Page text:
In 2001, Apple changed pockets around the world. The original iPod had a 5GB hard drive, and put 1000 songs in my pocket!
In 2012, the Raspberry Pi foundation made the cheapest developer-friendly Linux computer, and successfully marketed it to schools.
The iPod has a huge accessory market. Cases are plentiful and cheap. The Raspberry Pi has a helpful developer community, but manufactured accessories are slow to arrive.
But the worst part is that the Raspberry Pi doesn't fit in my pocket. If something is in my pocket, I use it several times a day. If it's in my bag, I can often use it, but not as regularly. My laptop doesn't always travel with me, and I need a USB host device to access memory sticks on my iPhone.
I could buy a CloudFTP. But it's $100. The Raspberry Pi is $35, and is programmable. With libimobiledevice, it can even mount an iPhone or iPod Touch, not just USB memory sticks! So I made it into a USB host, and wrote a tutorial.
http://www.raspberrypi.org/phpBB3/viewt ... 36&t=31543
But how does it fit? I made a 5 part tutorial where I replaced all the large connectors.
- Video: http://www.raspberrypi.org/phpBB3/viewt ... 40&t=32318
- Audio: http://www.raspberrypi.org/phpBB3/viewt ... 22&start=0
- Ethernet: http://www.raspberrypi.org/phpBB3/viewt ... 31&start=0
- USB: http://www.raspberrypi.org/phpBB3/viewt ... 36&start=0
- Power: http://www.raspberrypi.org/phpBB3/viewt ... 18&start=0
Now, let's put it inside an iPod.
1. Find an original iPod.
Not a third-generation one with the four buttons behind the screen - this is an original first-generation one! You'll be relieved to know that it was broken when I bought it for 50 CHF = $55 on eBay in 2005, because I thought that I could repair it. Apparently it had been through a washing machine, and it wasn't going to work. So it sat in a drawer until this week, when I could use it again!
2. Remove the scrollwheel using tape.
The original iPod has a physically moving scrollwheel. Apparently the slotted wheel interrupts a diode, so I could theoretically wire it into the Raspberry Pi GPIO pins. But that's another project.
3. Use a thin screwdriver or tools to open the iPod, and a Torx 6 screwdriver to remove the motherboard.
Yes, the original iPod has Torx screws inside, unlike the new pentalobe ones on the iPhone 4.
4. Melt the scrollwheel attachment lugs.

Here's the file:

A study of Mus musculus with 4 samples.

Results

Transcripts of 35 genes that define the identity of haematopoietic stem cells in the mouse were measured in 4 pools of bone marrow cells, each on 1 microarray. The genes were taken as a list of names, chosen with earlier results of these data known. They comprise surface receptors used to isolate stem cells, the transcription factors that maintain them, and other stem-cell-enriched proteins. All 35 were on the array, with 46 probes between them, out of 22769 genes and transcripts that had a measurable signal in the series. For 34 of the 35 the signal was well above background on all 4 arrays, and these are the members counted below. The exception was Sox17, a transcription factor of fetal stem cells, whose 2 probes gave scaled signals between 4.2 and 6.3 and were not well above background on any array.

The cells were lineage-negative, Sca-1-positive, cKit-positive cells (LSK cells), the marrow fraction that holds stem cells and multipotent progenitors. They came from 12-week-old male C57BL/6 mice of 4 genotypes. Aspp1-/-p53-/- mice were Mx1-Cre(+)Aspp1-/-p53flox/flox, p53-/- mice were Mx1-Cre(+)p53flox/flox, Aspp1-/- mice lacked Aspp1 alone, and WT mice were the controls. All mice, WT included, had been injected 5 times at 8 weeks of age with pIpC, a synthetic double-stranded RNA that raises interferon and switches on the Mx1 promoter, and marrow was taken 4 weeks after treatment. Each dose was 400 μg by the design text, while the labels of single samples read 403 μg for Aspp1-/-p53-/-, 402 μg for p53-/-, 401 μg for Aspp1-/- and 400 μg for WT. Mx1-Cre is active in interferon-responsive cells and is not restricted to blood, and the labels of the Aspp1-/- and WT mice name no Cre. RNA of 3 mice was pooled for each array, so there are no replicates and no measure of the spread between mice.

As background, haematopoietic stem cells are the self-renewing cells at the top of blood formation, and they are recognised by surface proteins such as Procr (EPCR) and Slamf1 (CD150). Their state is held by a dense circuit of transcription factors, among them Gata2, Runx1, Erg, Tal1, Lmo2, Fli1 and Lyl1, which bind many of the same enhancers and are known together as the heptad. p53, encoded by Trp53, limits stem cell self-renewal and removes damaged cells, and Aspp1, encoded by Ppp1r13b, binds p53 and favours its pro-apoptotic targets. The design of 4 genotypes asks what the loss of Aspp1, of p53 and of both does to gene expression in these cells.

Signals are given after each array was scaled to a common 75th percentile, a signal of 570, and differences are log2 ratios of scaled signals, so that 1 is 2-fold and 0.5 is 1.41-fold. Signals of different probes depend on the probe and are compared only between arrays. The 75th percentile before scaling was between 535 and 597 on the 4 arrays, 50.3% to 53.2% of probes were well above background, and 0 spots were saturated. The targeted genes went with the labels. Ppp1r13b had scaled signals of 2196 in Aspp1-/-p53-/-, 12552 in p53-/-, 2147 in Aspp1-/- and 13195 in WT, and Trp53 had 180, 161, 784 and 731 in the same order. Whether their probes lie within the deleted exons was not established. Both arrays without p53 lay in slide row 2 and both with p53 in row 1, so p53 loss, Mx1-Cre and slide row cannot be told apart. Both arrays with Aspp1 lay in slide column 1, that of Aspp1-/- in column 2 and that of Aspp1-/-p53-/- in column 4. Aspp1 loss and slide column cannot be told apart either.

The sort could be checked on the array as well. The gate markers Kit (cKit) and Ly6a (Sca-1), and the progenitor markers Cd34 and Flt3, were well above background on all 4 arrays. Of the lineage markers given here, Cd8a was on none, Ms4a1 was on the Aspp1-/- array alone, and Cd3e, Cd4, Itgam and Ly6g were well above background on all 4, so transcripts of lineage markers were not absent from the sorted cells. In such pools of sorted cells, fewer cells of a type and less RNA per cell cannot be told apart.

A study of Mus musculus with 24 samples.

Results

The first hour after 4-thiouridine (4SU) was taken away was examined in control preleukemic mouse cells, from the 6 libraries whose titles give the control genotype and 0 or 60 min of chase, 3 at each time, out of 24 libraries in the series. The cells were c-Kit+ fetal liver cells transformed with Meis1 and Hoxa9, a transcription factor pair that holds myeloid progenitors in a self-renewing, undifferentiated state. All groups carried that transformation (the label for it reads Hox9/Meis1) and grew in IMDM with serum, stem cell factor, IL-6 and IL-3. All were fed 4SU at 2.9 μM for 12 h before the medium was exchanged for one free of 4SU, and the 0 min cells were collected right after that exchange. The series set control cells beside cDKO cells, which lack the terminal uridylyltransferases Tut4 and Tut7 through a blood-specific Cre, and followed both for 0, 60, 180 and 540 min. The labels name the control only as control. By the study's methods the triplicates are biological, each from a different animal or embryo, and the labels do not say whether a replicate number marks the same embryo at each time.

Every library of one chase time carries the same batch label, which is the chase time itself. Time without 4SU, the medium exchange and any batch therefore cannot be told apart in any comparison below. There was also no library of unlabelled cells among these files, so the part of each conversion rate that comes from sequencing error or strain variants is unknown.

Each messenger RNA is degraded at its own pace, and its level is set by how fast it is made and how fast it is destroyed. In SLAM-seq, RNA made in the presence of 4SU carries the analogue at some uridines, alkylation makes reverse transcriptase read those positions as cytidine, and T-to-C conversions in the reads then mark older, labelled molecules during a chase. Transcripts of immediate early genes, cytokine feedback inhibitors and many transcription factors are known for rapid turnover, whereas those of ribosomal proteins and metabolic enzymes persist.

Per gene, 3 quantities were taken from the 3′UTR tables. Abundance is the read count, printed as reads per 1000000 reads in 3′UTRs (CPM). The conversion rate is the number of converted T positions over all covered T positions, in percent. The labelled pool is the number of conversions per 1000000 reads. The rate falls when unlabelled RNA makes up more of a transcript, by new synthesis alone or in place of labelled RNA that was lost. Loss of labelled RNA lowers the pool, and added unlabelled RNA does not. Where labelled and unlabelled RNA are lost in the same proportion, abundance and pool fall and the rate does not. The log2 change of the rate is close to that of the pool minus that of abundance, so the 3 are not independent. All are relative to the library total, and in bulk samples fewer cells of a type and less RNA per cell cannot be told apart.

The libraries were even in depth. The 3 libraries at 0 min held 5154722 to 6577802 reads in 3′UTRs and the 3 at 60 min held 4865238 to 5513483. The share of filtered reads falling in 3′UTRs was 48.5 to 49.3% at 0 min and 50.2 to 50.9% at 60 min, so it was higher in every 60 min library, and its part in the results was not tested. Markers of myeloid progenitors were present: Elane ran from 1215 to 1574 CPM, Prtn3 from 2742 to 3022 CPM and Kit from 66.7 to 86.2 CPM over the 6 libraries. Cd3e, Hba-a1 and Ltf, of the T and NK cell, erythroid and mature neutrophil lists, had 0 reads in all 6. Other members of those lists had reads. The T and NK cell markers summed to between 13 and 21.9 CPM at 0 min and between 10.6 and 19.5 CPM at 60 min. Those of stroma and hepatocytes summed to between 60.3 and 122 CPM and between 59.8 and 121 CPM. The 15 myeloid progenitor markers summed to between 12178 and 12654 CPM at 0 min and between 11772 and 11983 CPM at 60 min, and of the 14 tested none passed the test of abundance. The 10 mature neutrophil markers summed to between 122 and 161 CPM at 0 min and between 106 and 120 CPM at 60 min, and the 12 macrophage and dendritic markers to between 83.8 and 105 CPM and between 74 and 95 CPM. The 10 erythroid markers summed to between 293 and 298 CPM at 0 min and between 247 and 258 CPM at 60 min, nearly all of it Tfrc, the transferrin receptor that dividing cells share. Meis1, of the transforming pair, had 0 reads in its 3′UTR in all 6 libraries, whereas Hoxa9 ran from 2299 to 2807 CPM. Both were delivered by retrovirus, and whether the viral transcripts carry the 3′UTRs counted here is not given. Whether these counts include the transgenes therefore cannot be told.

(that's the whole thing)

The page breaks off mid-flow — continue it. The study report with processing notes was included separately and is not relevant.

Try to hold your breath, because melted plastic smells terrible. It probably causes cancer too. But that's a problem for the future.
5. The Raspberry Pi doesn't fit! Follow the low-profile tutorial to remove the connectors.
I could have cut holes in the side of my iPod. But I am a professional Raspberry Pi modder! Well, I have a Masters degree in electronic engineering, I'm 23, and I'm unemployed. So I'd rather spend a week soldering and changing all the connectors than an hour with a hacksaw. It also looks neater!
6. Coat the inside of the iPod with sticky cellophane to insulate it.
This might stop the iPod from closing so easily. But it will work.
7. The board fits inside! Now it's just finishing touches.
8. It's easier to plug in connectors before you seal up the case.
You can take measurements for when we seal the connectors in place, or just guess. This is a good time to test that each connector is still working.
9. Seal the connectors in place.
You could use a rapid-prototyper to make a frame, you could measure the exact dimensions of each part and carefully align them... or you could just use duct tape.
10. Print a screen for your PiPod.
Sorry, I removed the ® logo. It just looks nicer this way.
11. It boots! The red lights show through the USB port.
You can't see the USB port when an iPod is plugged in, but it's nice to know that it's really working. This is the real thing, not an elaborate fake.
12. The Original PiPod is complete! Now it's time for a photoshoot.
Successfully mounting and sharing an iPod over WiFi.
Wearing a Speak iGuy case. It fits!
With a collection of other old electronics from my attic.
My workbench, in a cramped corner of the garage.
I asked my iPod how she felt about the PiPod project.
Me holding the PiPod.
Just the PiPod. Pocket sized at last.